World's Development Needs Urgent

The threat is acute in sub-Saharan Africa, where nearly half the population still lives in poverty and many countries remain mired in conflict. I saw firsthand the region’s challenges – and promise – in the days after I became chief executive of the International Finance Corporation, a member of the World Bank Group that focuses exclusively on promoting private sector growth in emerging markets.

I believe sustainable private sector development is an essential component of any lasting cure to the scourge of poverty. Consider just one example: the IFC’s $12m loan to the Kenya Tea Development Agency, our first since I became chief executive in October.

In Kenya, tea exports generate more than $1bn a year in foreign-exchange earnings, benefiting 10 per cent of the population. The IFC’s loan is helping the world’s largest producer of black tea build a 200,000-square-foot warehouse in Mombasa, expanding its storage capacity and generating new opportunities for the more than half a million small tea farmers who are shareholders in the agency. The result: higher living standards, increased revenues and more stability in a sector that provides over two-thirds of the region’s jobs.

In my new position, I’ve started to travel around the world – to Haiti, Kenya, Senegal and remote regions of China – to see the impact that companies like the Kenya Tea Development Agency can have, and also to see what still has to be done.

Amid the uncertain global economic picture, the start of 2013 is an important time for stocktaking in the world of development. The World Bank Group, under the leadership of President Jim Yong Kim, is in the midst of a major rethinking on how it can be more effective and deliver on some of the greatest challenges of our time: ending extreme poverty at a much faster rate and expanding shared prosperity that lifts vulnerable populations and provides good jobs for them. Those changes – including ongoing discussions at the IFC – will be announced in the next several months.

The world’s development needs are urgent: 600m jobs must be created within a decade just to keep up with population growth, 1bn people go hungry every day, and nearly 1.3bn scrape by on less than $1.25 a day.

Our World Development Report this year focused on jobs. It found that 90 per cent of employment in the developing world is created by the private sector. As public resources grow scarce, developing countries are turning to the private sector with more urgency to create jobs and expand their economies. They are looking to international institutions to mobilize private capital for development, particularly in fragile and conflict-affected countries. In these markets, where typical private sector investors are too often reluctant to deploy capital, the IFC is willing to take greater risks, demonstrating the benefits of investing in tough places.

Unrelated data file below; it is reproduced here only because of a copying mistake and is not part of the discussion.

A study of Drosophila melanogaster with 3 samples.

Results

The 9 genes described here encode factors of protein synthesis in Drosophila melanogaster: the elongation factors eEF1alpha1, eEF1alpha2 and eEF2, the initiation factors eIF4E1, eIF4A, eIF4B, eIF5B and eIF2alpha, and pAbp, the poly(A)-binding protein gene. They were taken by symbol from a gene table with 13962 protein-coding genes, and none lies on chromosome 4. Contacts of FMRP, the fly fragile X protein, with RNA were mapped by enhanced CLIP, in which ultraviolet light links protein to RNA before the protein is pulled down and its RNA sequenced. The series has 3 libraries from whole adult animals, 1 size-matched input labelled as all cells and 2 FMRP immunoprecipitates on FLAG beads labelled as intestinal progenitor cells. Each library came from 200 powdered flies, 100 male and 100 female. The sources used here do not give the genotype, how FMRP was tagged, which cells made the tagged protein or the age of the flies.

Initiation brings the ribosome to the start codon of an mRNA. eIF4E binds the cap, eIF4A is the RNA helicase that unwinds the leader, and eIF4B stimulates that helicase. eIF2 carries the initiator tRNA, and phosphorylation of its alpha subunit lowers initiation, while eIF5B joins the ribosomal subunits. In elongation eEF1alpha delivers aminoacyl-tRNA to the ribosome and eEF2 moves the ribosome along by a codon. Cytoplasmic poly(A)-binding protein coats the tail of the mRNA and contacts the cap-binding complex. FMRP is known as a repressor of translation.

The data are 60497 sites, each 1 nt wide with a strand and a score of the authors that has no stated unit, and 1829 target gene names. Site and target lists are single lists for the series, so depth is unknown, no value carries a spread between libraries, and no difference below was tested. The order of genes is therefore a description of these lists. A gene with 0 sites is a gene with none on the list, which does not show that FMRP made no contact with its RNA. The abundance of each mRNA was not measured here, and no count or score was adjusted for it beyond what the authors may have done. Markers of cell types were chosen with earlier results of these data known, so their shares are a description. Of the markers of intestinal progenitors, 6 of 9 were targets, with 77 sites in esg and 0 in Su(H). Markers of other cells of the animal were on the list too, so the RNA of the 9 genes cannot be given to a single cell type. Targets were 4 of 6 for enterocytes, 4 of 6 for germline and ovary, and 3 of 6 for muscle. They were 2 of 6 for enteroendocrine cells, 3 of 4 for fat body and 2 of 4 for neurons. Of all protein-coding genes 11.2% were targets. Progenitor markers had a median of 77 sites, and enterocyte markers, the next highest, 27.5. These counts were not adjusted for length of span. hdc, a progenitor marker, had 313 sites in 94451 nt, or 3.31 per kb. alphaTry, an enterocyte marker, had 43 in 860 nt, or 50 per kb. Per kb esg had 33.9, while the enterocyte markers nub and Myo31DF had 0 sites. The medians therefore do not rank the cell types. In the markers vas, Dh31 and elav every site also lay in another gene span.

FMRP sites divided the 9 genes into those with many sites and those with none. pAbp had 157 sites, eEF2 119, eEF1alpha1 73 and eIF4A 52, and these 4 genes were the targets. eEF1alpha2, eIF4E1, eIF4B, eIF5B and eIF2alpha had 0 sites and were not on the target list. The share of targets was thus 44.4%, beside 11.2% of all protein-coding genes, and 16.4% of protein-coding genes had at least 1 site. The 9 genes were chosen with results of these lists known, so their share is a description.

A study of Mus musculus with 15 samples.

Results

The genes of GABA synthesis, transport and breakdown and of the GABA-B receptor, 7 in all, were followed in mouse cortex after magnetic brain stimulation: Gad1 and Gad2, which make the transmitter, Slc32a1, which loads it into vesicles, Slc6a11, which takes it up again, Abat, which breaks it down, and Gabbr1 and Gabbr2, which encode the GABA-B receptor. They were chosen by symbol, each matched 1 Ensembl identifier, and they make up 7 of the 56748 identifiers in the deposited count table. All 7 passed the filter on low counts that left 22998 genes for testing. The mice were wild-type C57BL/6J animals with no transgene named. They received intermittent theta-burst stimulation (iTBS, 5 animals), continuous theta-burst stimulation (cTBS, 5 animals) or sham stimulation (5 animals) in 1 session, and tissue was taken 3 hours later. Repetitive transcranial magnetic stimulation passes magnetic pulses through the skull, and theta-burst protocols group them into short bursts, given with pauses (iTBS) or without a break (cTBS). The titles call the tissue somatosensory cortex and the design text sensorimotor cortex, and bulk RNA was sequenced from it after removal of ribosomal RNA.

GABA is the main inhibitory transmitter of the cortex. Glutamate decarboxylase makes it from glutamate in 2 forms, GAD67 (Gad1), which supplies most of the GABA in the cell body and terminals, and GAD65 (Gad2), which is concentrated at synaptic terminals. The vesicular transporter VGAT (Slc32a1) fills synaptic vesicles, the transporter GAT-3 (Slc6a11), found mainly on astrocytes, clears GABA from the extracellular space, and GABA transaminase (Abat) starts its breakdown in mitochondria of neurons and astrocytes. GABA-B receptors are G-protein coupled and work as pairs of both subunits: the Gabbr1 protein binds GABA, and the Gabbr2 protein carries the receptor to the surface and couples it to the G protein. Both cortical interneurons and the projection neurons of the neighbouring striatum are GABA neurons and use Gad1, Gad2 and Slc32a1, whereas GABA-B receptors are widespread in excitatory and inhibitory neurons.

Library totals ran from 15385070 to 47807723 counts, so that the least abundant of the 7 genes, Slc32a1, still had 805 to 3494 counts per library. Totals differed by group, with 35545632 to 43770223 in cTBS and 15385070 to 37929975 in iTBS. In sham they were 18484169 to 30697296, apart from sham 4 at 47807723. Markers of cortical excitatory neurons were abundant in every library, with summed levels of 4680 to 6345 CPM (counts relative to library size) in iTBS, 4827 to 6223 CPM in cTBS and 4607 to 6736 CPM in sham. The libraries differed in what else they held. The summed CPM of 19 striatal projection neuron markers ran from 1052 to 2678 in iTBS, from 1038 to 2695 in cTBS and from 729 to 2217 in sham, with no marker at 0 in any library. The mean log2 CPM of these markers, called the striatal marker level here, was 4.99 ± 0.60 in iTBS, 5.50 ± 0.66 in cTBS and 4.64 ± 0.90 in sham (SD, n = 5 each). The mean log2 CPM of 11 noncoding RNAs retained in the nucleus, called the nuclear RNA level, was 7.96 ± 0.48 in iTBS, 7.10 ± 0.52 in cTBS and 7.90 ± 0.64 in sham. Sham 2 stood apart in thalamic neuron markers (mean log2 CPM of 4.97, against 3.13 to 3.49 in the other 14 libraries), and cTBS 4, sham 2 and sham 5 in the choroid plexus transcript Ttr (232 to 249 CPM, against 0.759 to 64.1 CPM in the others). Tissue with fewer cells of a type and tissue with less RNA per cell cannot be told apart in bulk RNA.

Our ability to do more, of course, depends on our ability to remain profitable. Every dollar of profit we make is reinvested directly in developing countries – or in the International Development Association (IDA), the World Bank’s fund for the poorest. Since 2007, the IFC has contributed more than $2bn to this World Bank fund. We have also quintupled our own direct investments in these low-income countries – to nearly $6bn in 2012. Our model is truly a virtuous circle.

For more than half a century, the IFC has been a leader in emerging markets, providing capital and advice that have helped build prosperity and eradicate poverty. We actually coined the term “emerging markets”. This is our specialty. Backed by a capital base of just $2.4bn from our 184 member countries, we have invested more than $125bn in developing countries since 1956, improving the lives of millions.

Still, we must now make sure our finite resources are used in the most effective, targeted way possible in the developing world. If we become more effective, if governments create better business environments and if the power of the private sector is more fully unleashed, the world will know. Families will earn more. Children will stay in schools. And the shameful number of people living in the worst kind of poverty will be dramatically reduced.

Jin-Yong Cai is chief executive and executive vice president of the International Finance Corporation (IFC), a member of the World Bank Group.